This all happened at a place called “Việt Hoa Market.” To judge from the characters on the sign (as is not uncommon for Asian shops in the US generally, the sign is written in both Chinese and Vietnamese/English), the name means “Beautiful Vietnamese Market.” The Việt used is 越, meaning of course the country of Việt Nam. The hoa used is 華, meaning đẹp tốt (beautiful). Of course, why the market is called this in the first place is a bit confusing, since my Ajaan (professor) thought that the owners are Chinese…
Interestingly, the dipthong “-oa” is not one used in Thai (the Thai dipthongs are, I think, -ua, –
ua, and -ia). This means that when my Thai professors pronounce the store name, they say “Viet Hua.” I guess -ie is close enough to -ia that it makes sense to their ears, but -oa is not? Of course the ODDEST part of the whole experience (beyond watching, you know, the purchase of blood) was finding myself pronouncing the store name “Viet Hua” DESPITE THE FACT that I speak Vietnamese and KNOW how it should be pronounced!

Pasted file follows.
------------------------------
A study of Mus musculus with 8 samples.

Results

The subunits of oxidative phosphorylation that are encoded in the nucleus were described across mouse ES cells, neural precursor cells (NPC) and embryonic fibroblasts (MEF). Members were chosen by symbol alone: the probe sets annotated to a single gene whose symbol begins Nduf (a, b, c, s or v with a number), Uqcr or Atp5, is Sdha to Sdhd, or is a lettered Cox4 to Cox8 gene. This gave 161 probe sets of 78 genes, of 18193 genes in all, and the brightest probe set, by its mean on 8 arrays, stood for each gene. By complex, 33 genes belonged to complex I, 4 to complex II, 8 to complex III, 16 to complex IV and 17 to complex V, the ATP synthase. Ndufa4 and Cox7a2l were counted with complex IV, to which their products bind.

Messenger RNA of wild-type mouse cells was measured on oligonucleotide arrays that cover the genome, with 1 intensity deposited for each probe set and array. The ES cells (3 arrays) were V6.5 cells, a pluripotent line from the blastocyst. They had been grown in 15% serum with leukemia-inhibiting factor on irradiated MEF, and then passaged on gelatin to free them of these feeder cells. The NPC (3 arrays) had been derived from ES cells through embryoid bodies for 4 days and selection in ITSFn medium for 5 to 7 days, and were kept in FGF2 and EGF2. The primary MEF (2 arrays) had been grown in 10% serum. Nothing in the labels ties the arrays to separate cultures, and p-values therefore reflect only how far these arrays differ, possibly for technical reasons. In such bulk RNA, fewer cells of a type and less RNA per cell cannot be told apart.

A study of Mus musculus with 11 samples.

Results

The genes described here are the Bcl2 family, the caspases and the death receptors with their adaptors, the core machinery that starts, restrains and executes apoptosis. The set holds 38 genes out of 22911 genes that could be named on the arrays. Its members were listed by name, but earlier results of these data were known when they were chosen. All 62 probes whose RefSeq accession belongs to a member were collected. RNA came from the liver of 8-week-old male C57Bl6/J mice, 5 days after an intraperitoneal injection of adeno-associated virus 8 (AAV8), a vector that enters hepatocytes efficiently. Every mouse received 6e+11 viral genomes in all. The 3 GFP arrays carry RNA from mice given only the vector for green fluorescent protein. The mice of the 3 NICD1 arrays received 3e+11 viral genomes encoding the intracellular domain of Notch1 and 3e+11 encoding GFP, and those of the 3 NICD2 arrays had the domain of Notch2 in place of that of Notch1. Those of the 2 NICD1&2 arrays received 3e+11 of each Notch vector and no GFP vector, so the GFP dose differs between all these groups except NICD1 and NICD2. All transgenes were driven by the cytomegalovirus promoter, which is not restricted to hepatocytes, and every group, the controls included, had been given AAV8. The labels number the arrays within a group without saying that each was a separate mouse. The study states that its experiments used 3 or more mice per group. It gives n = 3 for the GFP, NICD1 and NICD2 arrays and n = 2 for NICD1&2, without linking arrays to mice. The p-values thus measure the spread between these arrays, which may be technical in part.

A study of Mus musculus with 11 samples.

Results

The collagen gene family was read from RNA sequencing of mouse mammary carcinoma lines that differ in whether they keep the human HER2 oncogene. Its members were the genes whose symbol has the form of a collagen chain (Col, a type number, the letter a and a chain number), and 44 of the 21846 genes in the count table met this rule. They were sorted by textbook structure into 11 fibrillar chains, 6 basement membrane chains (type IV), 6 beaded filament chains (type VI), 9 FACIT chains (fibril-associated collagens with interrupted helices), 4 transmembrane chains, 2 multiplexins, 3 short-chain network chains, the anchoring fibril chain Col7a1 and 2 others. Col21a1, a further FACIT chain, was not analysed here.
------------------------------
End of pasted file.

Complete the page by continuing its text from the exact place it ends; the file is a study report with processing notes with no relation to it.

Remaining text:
By the way, if you are wondering how I came up with the Chinese characters/Vietnamese pronunciation (i.e., chữ nôm), you must check out Cao Dai Tu Dien. It has never been entirely clear to me why the Cao Dai are maintaining a dictionary like this, but when you know a little Vietnamese and a little Chinese and want to put the two together, it is invaluable.
I’ll file this comic under: GN450.2 L86 2012, for Anthropology—Ethnology. Social and cultural anthropology—Cultural traits, customs, and institutions—Economic organization. Economic anthropology—Distribution of goods and services—Commerce and trade—Markets.
If you were curious, the blood looked almost exactly like I have drawn it: rectangles of a dark brown-red color suspended in a water-like liquid (possibly water). I have no idea what it was treated with to make it do that.